FINE GAEL’S acquisition of former SDLP leader Mark Durkan to its Euro election ticket in Dublin has been characterised as a brilliant coup by Leo Varadkar. It seriously embarrassed Fianna Fáil following its recent, abortive bid for a merger with the SDLP and it is just one more example of how Vlad has stolen – or been allowed to steal – FF’s clothes as ‘The Republican Party’. But for FF members, the truth is even less palatable – Durkan had made himself available to Martin as far back as two years ago and again more recently.
In 2007 Durkan, then leader of the SDLP, welcomed Bertie Ahern’s statement of intent to organise on a 32-county basis, saying he saw “huge opportunity” for new partnership and co-operation.
Another irony, given recent developments, was FG leader Enda Kenny’s condemnation at the time of an SDLP move into a formal or exclusive relationship with any one party in the south, warning it would be politically damaging to the SDLP.
In the event, unity moves were stymied by the economic crash as well as FF’s political crash.
Following the loss of his Westminster seat for Foyle to Sinn Féin’s Elisha McCallion in June 2017, Durkan was at something of a loose end. However, with the revived proposition of a FF/SDLP merger resulting in closer contacts between the two parties, Durkan saw an opportunity to revive his political career the following year. Two Seanad by-elections were due to take place and Durkan engaged in talks with senior figures in the FF leadership, making clear his eagerness to run for the party. However, Mount Street HQ and Martin appeared not to be enthusiastic, partly due to the candidacy of ex-party TD, Donegal-based Niall Blaney, in both Seanad contests.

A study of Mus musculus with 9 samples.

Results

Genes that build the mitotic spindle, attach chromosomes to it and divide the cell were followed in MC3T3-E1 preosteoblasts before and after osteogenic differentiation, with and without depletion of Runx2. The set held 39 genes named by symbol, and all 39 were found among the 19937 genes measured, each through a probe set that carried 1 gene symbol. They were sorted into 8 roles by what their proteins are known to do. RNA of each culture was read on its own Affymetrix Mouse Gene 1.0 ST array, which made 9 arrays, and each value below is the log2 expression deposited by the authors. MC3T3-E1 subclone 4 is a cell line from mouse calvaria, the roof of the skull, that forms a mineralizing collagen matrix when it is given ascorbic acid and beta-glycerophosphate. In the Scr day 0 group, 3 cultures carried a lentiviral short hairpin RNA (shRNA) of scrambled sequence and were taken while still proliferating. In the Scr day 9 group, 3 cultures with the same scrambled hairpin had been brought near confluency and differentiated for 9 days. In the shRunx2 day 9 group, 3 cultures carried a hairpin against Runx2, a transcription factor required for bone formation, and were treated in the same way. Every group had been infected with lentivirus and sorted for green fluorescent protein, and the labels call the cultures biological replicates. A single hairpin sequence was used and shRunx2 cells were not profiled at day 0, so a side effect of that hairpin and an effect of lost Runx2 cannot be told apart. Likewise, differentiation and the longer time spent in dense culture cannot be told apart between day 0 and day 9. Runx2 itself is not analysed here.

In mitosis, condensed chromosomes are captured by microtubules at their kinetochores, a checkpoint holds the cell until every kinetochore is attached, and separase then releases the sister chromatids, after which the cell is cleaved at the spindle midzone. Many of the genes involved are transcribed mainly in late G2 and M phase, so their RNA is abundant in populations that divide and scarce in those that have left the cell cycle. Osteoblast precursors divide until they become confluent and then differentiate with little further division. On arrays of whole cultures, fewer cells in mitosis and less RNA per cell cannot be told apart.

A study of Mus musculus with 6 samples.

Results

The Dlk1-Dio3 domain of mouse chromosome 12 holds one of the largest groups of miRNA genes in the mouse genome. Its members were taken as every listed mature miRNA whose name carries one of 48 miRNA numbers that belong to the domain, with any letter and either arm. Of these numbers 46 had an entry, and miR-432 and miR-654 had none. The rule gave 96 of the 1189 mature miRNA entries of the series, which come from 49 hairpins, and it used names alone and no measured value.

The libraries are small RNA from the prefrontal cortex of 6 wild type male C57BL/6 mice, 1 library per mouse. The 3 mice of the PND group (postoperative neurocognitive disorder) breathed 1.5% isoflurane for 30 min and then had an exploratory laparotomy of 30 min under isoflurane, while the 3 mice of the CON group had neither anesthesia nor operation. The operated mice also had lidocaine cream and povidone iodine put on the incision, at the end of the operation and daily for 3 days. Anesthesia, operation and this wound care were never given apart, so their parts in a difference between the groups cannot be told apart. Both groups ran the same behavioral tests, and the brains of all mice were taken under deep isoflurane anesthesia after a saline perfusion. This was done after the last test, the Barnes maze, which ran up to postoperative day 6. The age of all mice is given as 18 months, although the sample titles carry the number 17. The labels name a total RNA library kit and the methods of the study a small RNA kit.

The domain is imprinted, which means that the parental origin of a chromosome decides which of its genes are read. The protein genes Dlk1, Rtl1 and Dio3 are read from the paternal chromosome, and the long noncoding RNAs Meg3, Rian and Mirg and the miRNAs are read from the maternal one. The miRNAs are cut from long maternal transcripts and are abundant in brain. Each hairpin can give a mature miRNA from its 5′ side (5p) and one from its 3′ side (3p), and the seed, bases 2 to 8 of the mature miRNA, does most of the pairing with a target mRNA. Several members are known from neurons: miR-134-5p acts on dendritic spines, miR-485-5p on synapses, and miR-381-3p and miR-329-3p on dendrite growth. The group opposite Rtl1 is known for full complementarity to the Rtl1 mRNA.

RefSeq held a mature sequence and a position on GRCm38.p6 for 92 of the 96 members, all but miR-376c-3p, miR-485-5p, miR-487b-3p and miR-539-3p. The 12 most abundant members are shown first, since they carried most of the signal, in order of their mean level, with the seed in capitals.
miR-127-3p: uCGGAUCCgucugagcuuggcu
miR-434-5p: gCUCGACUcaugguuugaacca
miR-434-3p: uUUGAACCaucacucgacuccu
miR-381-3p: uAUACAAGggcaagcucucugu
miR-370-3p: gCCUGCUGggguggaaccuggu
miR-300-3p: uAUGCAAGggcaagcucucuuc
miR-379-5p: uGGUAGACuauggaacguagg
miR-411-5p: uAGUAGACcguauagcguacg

Martin’s hesitation was even more remarkable given Varadkar’s willingness to strike a deal whereby the parties would agree to support Durkan and Ian Marshall, the anti-Brexit Unionist and former Ulster Farmers’ Union president, for the two seats. This would have guaranteed a seat for each party and both would appear progressive on the north, to the exclusion of Sinn Féin.
In the event, Martin’s paralysis saw Vlad wiping his eye by taking both seats, with Marshall taking one and former TD Anthony Lawlor taking the other.
Undeterred, Durkan again made himself available to Martin as the search for candidates in the upcoming Euro elections gathered pace.
As has been noted in coverage of Durkan’s FG candidacy in the Euro Dublin constituency, Durkan is to remain resident in Derry, which he hopes will be neutralised by his statesmanlike, SDLP pedigree etc. But his pitch to FF some months back was that he would run for the Midlands-North-West constituency, which makes more sense geographically and politically.
Again, despite or perhaps because of the fiasco of the FF/SDLP merger talks, Durkan was held at arm’s length and FF proceeded to organise a convention with no sign of Durkan or any intention of adding him to the ticket later.
Durkan held his counsel publicly during the FF/SDLP merger talks, but was regarded as onside for the proposal, now abandoned, leaving the SDLP up the creek without a deal. FF can hardly complain about Durkan’s shift to the Blueshirts while Martin’s northern policy is about as coherent as Theresa May on Brexit. He allowed Varadkar to posture as the Free State friend of northern Catholics; he continually accuses the government of being too aggressive towards the British government over Brexit; and he has seriously weakened the SDLP in the face of obliteration by SF in the north.
A measure of just how SDLP members feel about both Durkan and the two main southern parties’ machinations is that they had believed Durkan would run again in Foyle as it was felt this was the best hope of taking back one of their Westminster seats.
The SDLP is now casting around for a replacement, with Durkan’s niece being one of several political unknowns being mentioned.